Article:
SCISConnections

The goal for every student


This game made me realise that if I want to get the job I want, I have to study hard and stay in school.

I was thinking of skipping year 12, but thanks to this program I am going all the way. I will have a great job. It really helped me.

Hundreds of students drop out of school every day of the year. For each individual, dropping out is a choice that drastically limits personal options. For society as a whole, the impact is debilitative. Fortunately, educators, parents, concerned citizens and governments realise the serious implications of the high drop-out rate and are mounting a concerted effort to combat the crisis.

The Real Game is an important tool in the struggle, specifically because it helps students understand the need to stay in school. By allowing students to discover for themselves how their educational choices will affect their adult lives, as well as the consequences of choosing one occupation over another or, conversely, falling into one, The Real Game motivates them to stay in school and take control of their future. Through the creation of a simulated society and the students’ adoption of other personalities, students acquire tools and experiences to help them make realistic and informed choices in their lives, and therefore better prepares them to succeed.

The goal for every school

The Real Game is designed to work across the curriculum, incorporating and adding relevance to subject and skill areas such as maths, English, family life studies, studies of society and the environment (SOSE), decision making, communication, group work, analysis, self-awareness and critical thinking. Students are given the opportunity and time to learn how skills can be linked from one area to another.

The program also gives students the skills to explore various careers, though it is not designed to direct them to particular occupations. Rather, it presents a range of occupations available to them, and gives them a chance to grapple with and understand the nature of the social and economic trends affecting the changing world of work. The program is an exploratory journey through the adult world of work and change – playing the game now helps students live the reality later. Due to the interactive nature of The Real Game, opportunities for cooperative learning and peer tutoring are present in every session.

Role of the facilitator

The Real Game is activity-orientated, experiential, exploratory and reflective. Each of its elements requires the guiding hand of an educator: for presentation and set-up, for explanation, for activity coordination and for follow-up. To a certain degree, the game runs itself, but during each activity teachers act as guides, coaches or facilitators, interacting with students and ensuring that they understand what they are doing and how to do it. Theirs is the informed hand that guides discussion, reflection and association. Each session outline gives detailed instructions and suggestions for all of this, as well as the objectives that inform the activities.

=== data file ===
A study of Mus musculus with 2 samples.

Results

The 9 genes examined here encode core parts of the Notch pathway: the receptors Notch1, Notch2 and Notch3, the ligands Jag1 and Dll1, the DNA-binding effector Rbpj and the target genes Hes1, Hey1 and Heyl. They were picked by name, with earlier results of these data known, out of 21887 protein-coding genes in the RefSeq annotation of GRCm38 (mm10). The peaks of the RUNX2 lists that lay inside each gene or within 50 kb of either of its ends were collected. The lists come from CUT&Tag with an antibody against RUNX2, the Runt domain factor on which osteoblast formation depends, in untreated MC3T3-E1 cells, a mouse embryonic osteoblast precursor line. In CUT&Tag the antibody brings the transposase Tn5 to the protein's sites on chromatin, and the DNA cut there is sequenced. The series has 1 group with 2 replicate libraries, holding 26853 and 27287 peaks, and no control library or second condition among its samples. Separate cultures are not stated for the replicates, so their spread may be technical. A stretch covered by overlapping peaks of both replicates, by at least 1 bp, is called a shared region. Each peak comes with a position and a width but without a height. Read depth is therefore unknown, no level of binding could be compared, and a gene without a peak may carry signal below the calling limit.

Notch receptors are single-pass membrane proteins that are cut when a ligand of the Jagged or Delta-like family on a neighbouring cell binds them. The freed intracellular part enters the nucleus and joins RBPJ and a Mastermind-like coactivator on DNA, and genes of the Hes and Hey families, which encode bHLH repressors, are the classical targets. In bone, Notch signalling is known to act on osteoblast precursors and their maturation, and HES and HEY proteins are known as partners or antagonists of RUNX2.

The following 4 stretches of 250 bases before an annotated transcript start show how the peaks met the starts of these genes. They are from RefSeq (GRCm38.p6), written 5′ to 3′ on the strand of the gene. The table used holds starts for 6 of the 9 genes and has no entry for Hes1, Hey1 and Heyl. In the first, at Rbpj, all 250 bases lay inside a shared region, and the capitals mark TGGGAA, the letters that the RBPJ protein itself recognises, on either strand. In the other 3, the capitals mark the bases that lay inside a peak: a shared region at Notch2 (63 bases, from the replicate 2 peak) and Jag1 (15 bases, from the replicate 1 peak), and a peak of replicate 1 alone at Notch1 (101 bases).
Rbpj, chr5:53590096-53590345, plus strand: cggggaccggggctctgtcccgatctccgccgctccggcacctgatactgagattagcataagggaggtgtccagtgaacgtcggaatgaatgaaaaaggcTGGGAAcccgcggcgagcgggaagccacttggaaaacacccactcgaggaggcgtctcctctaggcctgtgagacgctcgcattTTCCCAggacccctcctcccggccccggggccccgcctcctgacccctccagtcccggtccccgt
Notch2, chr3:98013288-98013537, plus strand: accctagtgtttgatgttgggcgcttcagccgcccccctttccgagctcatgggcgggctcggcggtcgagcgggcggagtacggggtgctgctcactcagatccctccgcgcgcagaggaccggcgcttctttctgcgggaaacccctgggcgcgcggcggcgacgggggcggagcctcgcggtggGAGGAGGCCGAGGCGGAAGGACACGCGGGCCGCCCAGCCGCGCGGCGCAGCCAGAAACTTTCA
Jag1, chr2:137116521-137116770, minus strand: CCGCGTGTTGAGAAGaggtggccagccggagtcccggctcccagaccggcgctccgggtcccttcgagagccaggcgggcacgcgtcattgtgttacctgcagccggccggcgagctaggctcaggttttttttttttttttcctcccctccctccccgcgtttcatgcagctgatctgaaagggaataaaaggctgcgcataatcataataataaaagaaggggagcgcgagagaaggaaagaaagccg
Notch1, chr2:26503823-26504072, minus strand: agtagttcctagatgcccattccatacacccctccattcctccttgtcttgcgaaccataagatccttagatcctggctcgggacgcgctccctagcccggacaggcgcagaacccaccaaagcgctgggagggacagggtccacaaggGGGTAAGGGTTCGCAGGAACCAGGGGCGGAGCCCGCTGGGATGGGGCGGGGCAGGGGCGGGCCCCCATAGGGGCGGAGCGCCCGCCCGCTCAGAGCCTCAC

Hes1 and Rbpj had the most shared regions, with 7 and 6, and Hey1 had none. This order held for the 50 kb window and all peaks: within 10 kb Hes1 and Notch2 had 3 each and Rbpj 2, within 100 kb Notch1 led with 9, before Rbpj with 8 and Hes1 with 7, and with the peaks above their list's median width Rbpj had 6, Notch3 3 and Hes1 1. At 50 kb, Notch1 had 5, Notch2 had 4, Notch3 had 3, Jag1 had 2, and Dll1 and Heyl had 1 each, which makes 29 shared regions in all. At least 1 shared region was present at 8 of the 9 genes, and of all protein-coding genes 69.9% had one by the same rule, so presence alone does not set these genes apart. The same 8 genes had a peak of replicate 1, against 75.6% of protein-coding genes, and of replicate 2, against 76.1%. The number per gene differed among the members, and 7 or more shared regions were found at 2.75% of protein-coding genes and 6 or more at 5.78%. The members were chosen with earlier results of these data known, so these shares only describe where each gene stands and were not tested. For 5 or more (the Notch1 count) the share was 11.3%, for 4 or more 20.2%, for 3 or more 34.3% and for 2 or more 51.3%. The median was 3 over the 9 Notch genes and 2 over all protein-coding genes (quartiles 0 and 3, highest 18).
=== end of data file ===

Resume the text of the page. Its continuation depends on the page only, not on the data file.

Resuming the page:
The Real Game benefits from the involvement of career counsellors, and is well suited to a team-teaching approach because of the opportunities it offers for cross-curriculum learning. Some sessions can be delivered in one subject area (SOSE, English or maths, for example) and expanded on in another. Older students in tutoring roles can help deliver some sessions and members of the community can be involved at many stages during the program.

The Real Game incorporates and accommodates different types of teaching and learning styles: aural, visual and tactile/ hands-on. Facilitators, while delivering the program, should recognise each student’s particular learning style, or combination of learning styles, and use that knowledge to ensure that students get the maximum advantage from The Real Game.

The High Five principles

The High Five principles, often referred to in the field of career development, are incorporated throughout this program, illuminating The Real Game’s objectives.

These principles, when displayed in the classroom, help students reflect in an ongoing manner on the relevance of each of the game’s activities to real life, and on the changing nature of the world of work.

Change is constant

We change constantly, and so does the world around us – including the working world. Because a single occupation will no longer take workers from the beginning to the end of their working lives, adaptability is an important skill to carry into the future.

Learning is ongoing

Completing secondary school, TAFE or university doesn’t mean that your education is over. Opportunities to learn are everywhere! Learn to recognise them and make your learning a lifelong experience.

Focus on the journey

Travelling through life is like travelling down a road: having a destination gives direction, but most of the time is spent moving along. Pay attention to the journey with all its pitfalls, sidetracks, opportunities and roads to new destinations.

Follow your heart

Dreaming about your future can help you understand what you really want in life. Knowing what you want and keeping it in your mind can give you the motivation you need to deal with life’s challenges. Never be afraid to dream.

Access your allies

The journey of life is not taken alone. Friends, family, teachers, neighbours – any of them can be willing and helpful allies when it comes to deciding what steps to take on life’s path.

To view videos based around the High Five Principles go to the Career Industry Council of Australia website, www.youtube.com/auscareerweek?gl=AU&hl=en-GB and select Uploads.

Adapted from The Real Game Facilitator’s Guide, Department of Education, Science and Training (Australia), pp 16–21

Visit www.realgame.esa.edu.au for more information on The Real Game series.

Email sales@esa.edu.au for a free14-day trial.